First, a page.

There’s a natural inclination to praise American animated pictures that dare to break out of the standard kidvid straightjacket and conventional artistic modes, and Shane Acker’s expansion of the film-school short that was nominated for the Oscar in 2005 will be embraced by many simply for doing that. Unfortunately while visually arresting, “9” is narratively a pretty familiar piece, and at once too mature for children and too childish for adults. At less than eighty minutes it still seems overlong and obvious.

The script by Pamela Pettler, based on Acker’s story, is set in a dusty, post-apocalyptic world where humankind has disappeared in a destructive cataclysm. There a small critter resembling a cloth bag in humanoid shape, with big mechanical eyes and the number “9” printed on its back, comes to life. Venturing into the desolation, it encounters another creature like itself but older and more experienced, “2” (Martin Landau), which not only gives it voice (Elijah Wood’s, in particular) but saves it from a ravenous machine that looks like a skeletal dog by sacrificing itself. “9” then meets another of his kind, quiet, recessive “5” (John C. Reilly), who takes him to the community ruled by priestlike elder “1” (Christopher Plummer) that includes bruiser “8” (Fred Tatasciore), spectral artist “6” (Crispin Glover), silent twins “3” and “4,” and athletic female “7” (Jennifer Connelly).

“9” clashes with “1” over strategy, arguing that they must go out into the wild to save “2” while “1” insists that his policy of caution and concealment is the right one. But “9” prevails on the others to follow him, and ultimately the group must confront a huge, reanimated machine—the apotheosis of the technology through which, as some found film footage reveals, an ambitious fascistic dictator hoped to rule the world but that turned on its designers. The film also discloses that “9” and his cohorts were created by one of the scientists who built the machine but regretted doing so—and who poured parts of his soul into his numbered creations to that they would possess the spark of humanity that can defeat the monster and begin life anew on the planet, though in a rather different form.

Acker shows considerable imagination in the design and execution of the film as a visual exercise. Though “9” and his fellows aren’t terribly different from the sort of rag-doll critters that have appeared in lots of short animated films, they’re engaging enough, and the voice talent lends them distinction. More impressive still are the ruined, desolate vistas, and especially the villainous machines, that skeletal dog first of all but finally the ultimate mechanical destroyer, which resembles something like a huge spider with one glowing red eye that can literally suck the life-force from the tiny heroes and literally consume it.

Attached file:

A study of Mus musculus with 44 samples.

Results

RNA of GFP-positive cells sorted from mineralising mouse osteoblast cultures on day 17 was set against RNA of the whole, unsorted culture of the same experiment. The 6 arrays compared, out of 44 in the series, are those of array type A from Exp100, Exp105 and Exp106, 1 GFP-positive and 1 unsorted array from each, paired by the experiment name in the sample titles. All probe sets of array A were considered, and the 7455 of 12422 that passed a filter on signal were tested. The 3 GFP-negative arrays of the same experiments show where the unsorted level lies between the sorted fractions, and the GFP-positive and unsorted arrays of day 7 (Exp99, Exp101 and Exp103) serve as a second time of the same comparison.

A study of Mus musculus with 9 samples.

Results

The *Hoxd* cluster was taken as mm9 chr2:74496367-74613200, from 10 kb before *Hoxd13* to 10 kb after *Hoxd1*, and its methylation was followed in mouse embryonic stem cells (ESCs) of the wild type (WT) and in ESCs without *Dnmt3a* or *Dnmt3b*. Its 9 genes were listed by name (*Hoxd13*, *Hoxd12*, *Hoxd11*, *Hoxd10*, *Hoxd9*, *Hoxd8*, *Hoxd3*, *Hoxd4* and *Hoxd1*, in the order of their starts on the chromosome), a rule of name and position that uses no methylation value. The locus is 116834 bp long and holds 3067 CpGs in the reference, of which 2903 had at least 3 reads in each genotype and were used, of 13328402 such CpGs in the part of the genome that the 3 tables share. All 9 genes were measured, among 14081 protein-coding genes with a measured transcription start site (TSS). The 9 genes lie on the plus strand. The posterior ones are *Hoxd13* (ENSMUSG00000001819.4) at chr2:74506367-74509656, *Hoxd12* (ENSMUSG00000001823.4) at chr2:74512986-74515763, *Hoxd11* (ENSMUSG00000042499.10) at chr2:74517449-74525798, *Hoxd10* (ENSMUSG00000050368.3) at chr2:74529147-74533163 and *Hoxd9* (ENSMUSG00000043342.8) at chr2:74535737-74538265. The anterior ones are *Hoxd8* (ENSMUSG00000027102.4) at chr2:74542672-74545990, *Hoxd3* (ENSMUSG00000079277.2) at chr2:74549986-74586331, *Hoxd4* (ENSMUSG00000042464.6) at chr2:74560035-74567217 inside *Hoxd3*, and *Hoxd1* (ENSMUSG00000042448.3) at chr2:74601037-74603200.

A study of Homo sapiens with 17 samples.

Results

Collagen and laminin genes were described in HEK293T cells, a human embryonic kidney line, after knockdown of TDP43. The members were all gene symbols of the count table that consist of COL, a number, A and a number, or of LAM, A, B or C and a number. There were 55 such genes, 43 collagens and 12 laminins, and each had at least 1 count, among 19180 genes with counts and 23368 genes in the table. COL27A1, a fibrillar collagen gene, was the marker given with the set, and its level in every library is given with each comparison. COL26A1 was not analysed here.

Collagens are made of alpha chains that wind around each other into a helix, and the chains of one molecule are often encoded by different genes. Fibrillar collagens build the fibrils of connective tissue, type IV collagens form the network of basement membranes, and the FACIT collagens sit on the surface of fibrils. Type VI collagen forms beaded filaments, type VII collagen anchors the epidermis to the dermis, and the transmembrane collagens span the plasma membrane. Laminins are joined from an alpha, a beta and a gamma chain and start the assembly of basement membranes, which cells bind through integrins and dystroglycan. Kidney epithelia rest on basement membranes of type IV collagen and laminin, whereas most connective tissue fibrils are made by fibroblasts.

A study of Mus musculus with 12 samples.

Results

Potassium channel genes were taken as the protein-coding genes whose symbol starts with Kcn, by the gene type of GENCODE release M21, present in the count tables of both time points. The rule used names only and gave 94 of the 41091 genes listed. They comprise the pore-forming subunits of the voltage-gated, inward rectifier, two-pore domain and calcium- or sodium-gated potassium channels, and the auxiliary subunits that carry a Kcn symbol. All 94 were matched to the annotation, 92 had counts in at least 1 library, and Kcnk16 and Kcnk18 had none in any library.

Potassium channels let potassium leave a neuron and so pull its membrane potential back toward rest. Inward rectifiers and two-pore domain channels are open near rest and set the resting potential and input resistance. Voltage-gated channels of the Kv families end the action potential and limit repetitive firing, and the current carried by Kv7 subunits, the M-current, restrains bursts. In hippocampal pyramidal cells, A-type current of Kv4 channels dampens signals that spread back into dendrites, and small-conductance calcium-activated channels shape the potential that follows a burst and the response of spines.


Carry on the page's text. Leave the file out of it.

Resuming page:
But the skimpy plot of “9” doesn’t do the visuals justice. It’s basically no more than an extended, and far gloomier, variant of the simple chase that drove virtually all the old Warner Brothers cartoons. But they were only a few minutes long, and had none of the dour earnestness of Acker’s construct.

Besides which, the script lacks the rudimentary logic that even an animated sci-fi tale needs. For example, it’s “9” that brings the monster machine back to life, apparently driven by a memory implanted in him by his creator. But why not simply leave the thing eternally dormant instead? There may be some rationale behind this, but it’s certainly elusive. Then there’s the matter of the life that the numbered sock puppets represent. Yes, it has a trace of humanity to it, but will it stop with them? (In other words, can they reproduce?) In this respect, the mission of Wall-E, a not dissimilar entity, made a lot more sense—and was much more fun to watch.

There’s no denying that “9” has a fascinating look, and it’s understandable that a couple of guys like Tim Burton and Timur Bekmambetov, who specialize in entrancing appearances, should have played an important role in helping Acker realize his vision. But it’s equally clear that Pettler, who worked with Burton on “Corpse Bride,” hasn’t supplied equally compelling content. The outcome is a film that’s like a box that’s brilliantly wrapped but empty. It leaves you feeling more than a trifle unsatisfied.